TypeScript can now narrow down the signature for a function parameter whose type is a discriminated union. This is another step towards improving TypeScript’s type inference and making it better at inferring the object types for you.

Given the following function:

type Func = (args: ["a", number] | ["b", string]) => void;
const foo: Func = (param) => {
    const [kind, payload] = param
    if (kind === "a") {
        payload.toFixed();  // 'payload' narrowed to 'number'
    if (kind === "b") {
        payload.toUpperCase();  // 'payload' narrowed to 'string'

In the above example, the value of the "payload" field is narrowed down based on the value of the "kind" field. This simplifies the creation of decision trees within your functions.

TypeScript will now also flag more syntax and binding errors in JavaScript files. With the new error highlighting, we can spot and fix a lot of errors in JavaScript files during the compile time.

For example, two declarations of a variable in the same scope will now lead to an error:

const myVar = "Hello";
const myVar = "World;
// error: Cannot redeclare block-scoped variable 'myVar'.

You can disable this check within your JavaScript files by adding // @ts-nocheck at the top of your file.

In TypeScript 4.6 beta, it is no longer an error to add code at the beginning of a constructor, before calling super().

Daniel Rosenwasser, TypeScript program manager, explains the key reasoning behind the improvement:

In TypeScript, it was previously an error to contain any code at the beginning of a constructor if its containing class had any property initializers.
This made it cheap to check that super() got called before this was referenced, but this ends up rejecting a lot of valid code.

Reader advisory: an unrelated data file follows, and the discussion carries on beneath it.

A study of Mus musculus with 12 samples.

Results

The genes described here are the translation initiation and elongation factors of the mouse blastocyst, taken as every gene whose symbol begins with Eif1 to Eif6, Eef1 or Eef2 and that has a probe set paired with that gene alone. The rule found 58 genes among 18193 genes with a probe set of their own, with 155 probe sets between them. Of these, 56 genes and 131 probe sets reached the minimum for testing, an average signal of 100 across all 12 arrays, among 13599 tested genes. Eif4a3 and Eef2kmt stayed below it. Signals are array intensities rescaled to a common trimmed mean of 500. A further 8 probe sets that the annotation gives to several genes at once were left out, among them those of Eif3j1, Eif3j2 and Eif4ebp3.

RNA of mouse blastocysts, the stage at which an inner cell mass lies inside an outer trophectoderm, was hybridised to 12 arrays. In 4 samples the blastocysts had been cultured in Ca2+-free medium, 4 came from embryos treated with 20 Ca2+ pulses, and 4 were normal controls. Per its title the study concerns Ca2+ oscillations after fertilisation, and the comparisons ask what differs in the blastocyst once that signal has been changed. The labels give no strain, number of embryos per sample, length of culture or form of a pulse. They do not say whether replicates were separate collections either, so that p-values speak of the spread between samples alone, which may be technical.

With the release of the new version, this check has become more forgiving, allowing other code at the top of the class constructor while ensuring that any use of `this` does not occur before invoking `super().`

Some of the other improvements in TypeScript 4.6 beta are indexed access inference improvements, better recursion depth checks, and a TypeScript trace analyzer.

With improved index access inference, access types that index into a mapped object type are now correctly inferred by TypeScript.
Thanks to better recursion depth checks, TypeScript is now better at identifying errors caused by infinitely expanding generic types. As a result, the check-time for several libraries on DefinitelyTyped has been reduced by ~50%.

Trace Analyzer is a new tool to get a more digestible view of information related to computationally expensive types in your projects.

There are several breaking changes to consider when moving to TypeScript 4.6 beta. First, in object rest expressions, unspreadable members from a generic object will be now be dropped. Also, with this release, grammatical and binding errors will always be reported for JavaScript files.

The TypeScript programming language is open-source software licensed under the Apache 2 license.

Contributions and comments are welcome on the TypeScript project on GitHub and should adhere to the TypeScript contribution guidelines and the Microsoft open-source code of conduct.